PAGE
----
Pollution – Corporate Successor and Assignment (NJ)shoke2013
Extrinsic evidence shows Cooper successor to McGraw-Edison / post-loss assignment permissible
A New Jersey Appellate Court affirmed a trial judge’s ruling that Cooper Industries LLC (“Cooper”) could access primary and umbrella policies from 1971 to 1980 that were provided to its predecessor, McGraw-Edison Corp. (“McGraw Edison”) for liabilities arising from U.S.E.P.A. Superfund clean-up actions. The policies were issued by Continental Casualty (“CNA”) and One Beacon.
The insurers challenged the trial court ruling that McGraw-Edison’s policy rights were transferred to a new company of the same name in a 1986 transaction that was directed by CI Acquisition, a company which was controlled by Cooper. The trial court found that because the rights were properly transferred, Cooper succeeded to those rights by virtue of the merger of the new McGraw Edison into Cooper in 2004.
Relying on unrebutted extrinsic evidence regarding the intent of the 1986 transaction, the appellate court affirmed. On May 30, 1986, the “old McGraw” merged with CI Acquisition, the decision said. That same day, CI Acquisition transferred its “assets, rights and properties of every kind and nature” to the new McGraw-Edison, subject to certain exceptions. In 2004, new McGraw Edison merged into Cooper. Then, in 2009, the EPA identified Cooper as a PRP for environmental contamination related to old McGraw Edison’s historical operations. When Cooper tendered the claims to OneBeacon and CNA, the insurers declined. After settling with the EPA, Cooper sued both insurers as well as others seeking coverage.
After the trial court ruled that the 1986 transfer of insurance rights was valid, Cooper settled with OneBeacon and CNA agreeing that the claims were covered “occurrences,” but both insurers retained the right to appeal the trial court’s decision.
Because the 1986 transaction documents did not specifically reference insurance rights, and because some unspecified assets were specifically excluded in the transfer to CI Acquisition, the appellate court opinion agreed with the trial court that the transaction documents were ambiguous with respect to insurance rights. Thus, the court found that the trial court was proper to delve into extrinsic evidence. The court noted that Cooper’s former General Counsel testified that the transaction was intended to create a new McGraw Edison that retained all of the rights and liabilities of the old McGraw Edison, including insurance rights. Further, the court noted that Cooper risk management employees testified that Cooper had made retroactive premium payments on the insurance policies at issue, and that Cooper had submitted claims to OneBeacon and CNA under the policies, and they had been paid.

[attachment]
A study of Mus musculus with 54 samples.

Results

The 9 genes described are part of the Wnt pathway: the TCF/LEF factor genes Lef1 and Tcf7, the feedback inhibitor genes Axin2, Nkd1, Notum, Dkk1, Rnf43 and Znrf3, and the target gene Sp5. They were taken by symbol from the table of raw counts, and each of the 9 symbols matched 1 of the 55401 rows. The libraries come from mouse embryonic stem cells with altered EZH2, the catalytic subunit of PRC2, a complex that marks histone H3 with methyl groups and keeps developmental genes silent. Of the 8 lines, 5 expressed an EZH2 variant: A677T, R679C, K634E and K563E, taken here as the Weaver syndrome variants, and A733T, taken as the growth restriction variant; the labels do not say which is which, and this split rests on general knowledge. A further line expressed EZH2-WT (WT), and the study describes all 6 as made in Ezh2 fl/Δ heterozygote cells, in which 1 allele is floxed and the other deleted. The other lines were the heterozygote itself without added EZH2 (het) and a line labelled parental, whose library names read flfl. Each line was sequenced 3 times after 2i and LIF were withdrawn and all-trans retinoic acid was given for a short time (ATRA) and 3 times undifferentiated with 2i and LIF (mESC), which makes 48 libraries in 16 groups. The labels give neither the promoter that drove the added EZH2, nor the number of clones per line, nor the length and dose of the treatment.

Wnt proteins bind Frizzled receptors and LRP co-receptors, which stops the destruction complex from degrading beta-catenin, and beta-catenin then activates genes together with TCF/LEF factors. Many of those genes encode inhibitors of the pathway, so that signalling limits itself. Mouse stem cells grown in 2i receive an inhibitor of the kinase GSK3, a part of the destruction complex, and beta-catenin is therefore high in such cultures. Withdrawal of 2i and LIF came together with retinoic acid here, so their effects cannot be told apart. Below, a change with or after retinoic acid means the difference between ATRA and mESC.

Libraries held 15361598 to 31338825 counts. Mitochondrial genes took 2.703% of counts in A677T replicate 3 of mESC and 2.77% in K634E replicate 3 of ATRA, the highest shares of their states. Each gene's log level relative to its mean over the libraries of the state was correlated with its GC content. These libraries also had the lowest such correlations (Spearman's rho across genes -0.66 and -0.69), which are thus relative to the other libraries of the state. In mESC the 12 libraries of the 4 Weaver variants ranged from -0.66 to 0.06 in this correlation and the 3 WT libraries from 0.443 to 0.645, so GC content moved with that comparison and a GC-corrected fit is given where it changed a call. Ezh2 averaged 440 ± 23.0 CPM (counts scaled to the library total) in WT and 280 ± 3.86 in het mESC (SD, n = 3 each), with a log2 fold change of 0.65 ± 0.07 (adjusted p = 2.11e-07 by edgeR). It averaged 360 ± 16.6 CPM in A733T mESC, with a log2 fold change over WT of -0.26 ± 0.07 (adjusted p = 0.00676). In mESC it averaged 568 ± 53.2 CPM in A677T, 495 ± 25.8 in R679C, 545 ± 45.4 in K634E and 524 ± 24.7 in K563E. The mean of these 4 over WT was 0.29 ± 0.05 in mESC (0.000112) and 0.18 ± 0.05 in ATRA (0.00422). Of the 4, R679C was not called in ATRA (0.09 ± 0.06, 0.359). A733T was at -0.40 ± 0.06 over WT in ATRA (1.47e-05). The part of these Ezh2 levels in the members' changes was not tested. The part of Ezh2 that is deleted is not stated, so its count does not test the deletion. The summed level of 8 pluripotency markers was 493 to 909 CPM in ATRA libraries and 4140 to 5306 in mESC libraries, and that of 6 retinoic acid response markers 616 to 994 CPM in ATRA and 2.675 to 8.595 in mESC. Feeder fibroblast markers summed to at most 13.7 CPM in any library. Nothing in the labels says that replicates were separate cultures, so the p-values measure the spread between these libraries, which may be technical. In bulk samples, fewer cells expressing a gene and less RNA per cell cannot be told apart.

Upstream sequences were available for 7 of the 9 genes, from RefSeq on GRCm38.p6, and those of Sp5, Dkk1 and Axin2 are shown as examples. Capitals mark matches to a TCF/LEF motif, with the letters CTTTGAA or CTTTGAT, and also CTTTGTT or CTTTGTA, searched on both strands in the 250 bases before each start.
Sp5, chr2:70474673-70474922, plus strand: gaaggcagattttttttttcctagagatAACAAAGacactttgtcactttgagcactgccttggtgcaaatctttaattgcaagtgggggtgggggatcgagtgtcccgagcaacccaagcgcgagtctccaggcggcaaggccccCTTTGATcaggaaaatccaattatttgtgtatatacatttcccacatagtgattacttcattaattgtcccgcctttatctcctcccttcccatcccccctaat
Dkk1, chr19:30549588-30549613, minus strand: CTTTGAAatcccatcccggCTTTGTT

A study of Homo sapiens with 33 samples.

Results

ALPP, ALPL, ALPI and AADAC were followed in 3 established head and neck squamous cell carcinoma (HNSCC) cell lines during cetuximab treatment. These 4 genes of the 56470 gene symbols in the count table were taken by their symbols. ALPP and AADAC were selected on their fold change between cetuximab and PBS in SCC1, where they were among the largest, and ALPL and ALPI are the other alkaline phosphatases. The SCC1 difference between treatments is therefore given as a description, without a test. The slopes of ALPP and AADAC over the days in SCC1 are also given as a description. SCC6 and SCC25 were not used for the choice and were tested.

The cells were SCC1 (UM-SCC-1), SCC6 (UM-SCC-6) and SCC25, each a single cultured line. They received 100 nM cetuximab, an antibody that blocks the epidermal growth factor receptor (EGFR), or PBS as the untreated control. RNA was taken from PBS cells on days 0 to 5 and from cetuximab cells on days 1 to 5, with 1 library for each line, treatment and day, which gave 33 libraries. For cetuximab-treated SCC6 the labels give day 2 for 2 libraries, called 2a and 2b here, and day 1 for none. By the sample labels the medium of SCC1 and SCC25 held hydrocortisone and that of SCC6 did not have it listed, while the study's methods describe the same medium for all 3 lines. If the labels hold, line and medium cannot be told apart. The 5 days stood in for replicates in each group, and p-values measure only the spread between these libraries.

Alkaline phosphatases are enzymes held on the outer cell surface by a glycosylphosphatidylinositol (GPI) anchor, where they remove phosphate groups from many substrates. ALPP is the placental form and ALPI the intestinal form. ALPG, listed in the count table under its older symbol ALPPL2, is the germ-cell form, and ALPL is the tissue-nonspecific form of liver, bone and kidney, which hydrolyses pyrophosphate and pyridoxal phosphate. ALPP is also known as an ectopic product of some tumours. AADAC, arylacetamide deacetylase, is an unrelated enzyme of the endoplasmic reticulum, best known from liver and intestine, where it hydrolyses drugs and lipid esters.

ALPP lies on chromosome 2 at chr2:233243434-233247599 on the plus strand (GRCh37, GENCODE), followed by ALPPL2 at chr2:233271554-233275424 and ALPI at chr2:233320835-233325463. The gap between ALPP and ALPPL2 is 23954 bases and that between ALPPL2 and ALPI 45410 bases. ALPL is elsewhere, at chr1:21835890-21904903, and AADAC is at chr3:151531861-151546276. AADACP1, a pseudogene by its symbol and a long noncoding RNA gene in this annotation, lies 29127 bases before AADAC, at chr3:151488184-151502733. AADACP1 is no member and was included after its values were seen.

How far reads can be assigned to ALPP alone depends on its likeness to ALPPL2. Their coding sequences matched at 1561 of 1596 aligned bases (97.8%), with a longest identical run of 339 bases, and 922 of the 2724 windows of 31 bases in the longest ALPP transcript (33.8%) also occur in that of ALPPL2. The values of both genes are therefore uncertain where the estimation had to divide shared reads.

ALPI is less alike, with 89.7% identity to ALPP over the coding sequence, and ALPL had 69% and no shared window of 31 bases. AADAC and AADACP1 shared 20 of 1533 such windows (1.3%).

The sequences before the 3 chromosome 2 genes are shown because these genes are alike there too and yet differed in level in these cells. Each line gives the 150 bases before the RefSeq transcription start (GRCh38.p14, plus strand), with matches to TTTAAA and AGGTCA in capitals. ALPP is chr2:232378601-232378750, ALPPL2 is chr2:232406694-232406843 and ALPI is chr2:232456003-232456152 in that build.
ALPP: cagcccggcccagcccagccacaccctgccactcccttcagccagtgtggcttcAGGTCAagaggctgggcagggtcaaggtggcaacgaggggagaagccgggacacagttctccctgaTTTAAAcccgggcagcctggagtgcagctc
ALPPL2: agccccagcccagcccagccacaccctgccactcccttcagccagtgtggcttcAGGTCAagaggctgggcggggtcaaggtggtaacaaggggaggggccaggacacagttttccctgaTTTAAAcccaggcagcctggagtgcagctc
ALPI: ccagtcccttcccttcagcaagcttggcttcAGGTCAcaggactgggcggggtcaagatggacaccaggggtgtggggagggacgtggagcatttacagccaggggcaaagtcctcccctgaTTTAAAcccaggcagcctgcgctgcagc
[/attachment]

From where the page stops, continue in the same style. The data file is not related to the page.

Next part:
Because the appellate panel found that the testimony was not rebutted by the insurers, it agreed that the 1986 transaction did transfer the rights to the OneBeacon and CNA insurance policies to New McGraw Edison and later Cooper. “Thus, the evidence here was ‘so one-sided that one party must prevail as a matter of law, and the court’s conclusion in this regard was amply supported by the record,'” the panel wrote.
The appellate court also affirmed the trial court’s ruling that the transfer did not violate the insurers’ anti-assignment provisions which required prior consent before assigning the rights to coverage to a third party. Based on precedent, the trial court refused to apply the anti-assignment clause because the transaction post-dated the alleged contamination. The appellate court affirmed “[B]ecause the insured-against occurrences happened before the 1986 asset sale, any transfer from CI Acquisition to New McGraw of insurance rights under Old McGraw’s policies was an assignment of claims, not the policies themselves. . . . Thus, . . .the assignment of insurance rights in the 1986 bill of sale was a post-loss assignment, as opposed to an impermissible assignment of insurance policies.” Cooper Industries LLC v. Columbia Casualty Co., No. A-0593-15T1 (N.J. Super. Ct. App. Div. Apr. 13, 2018).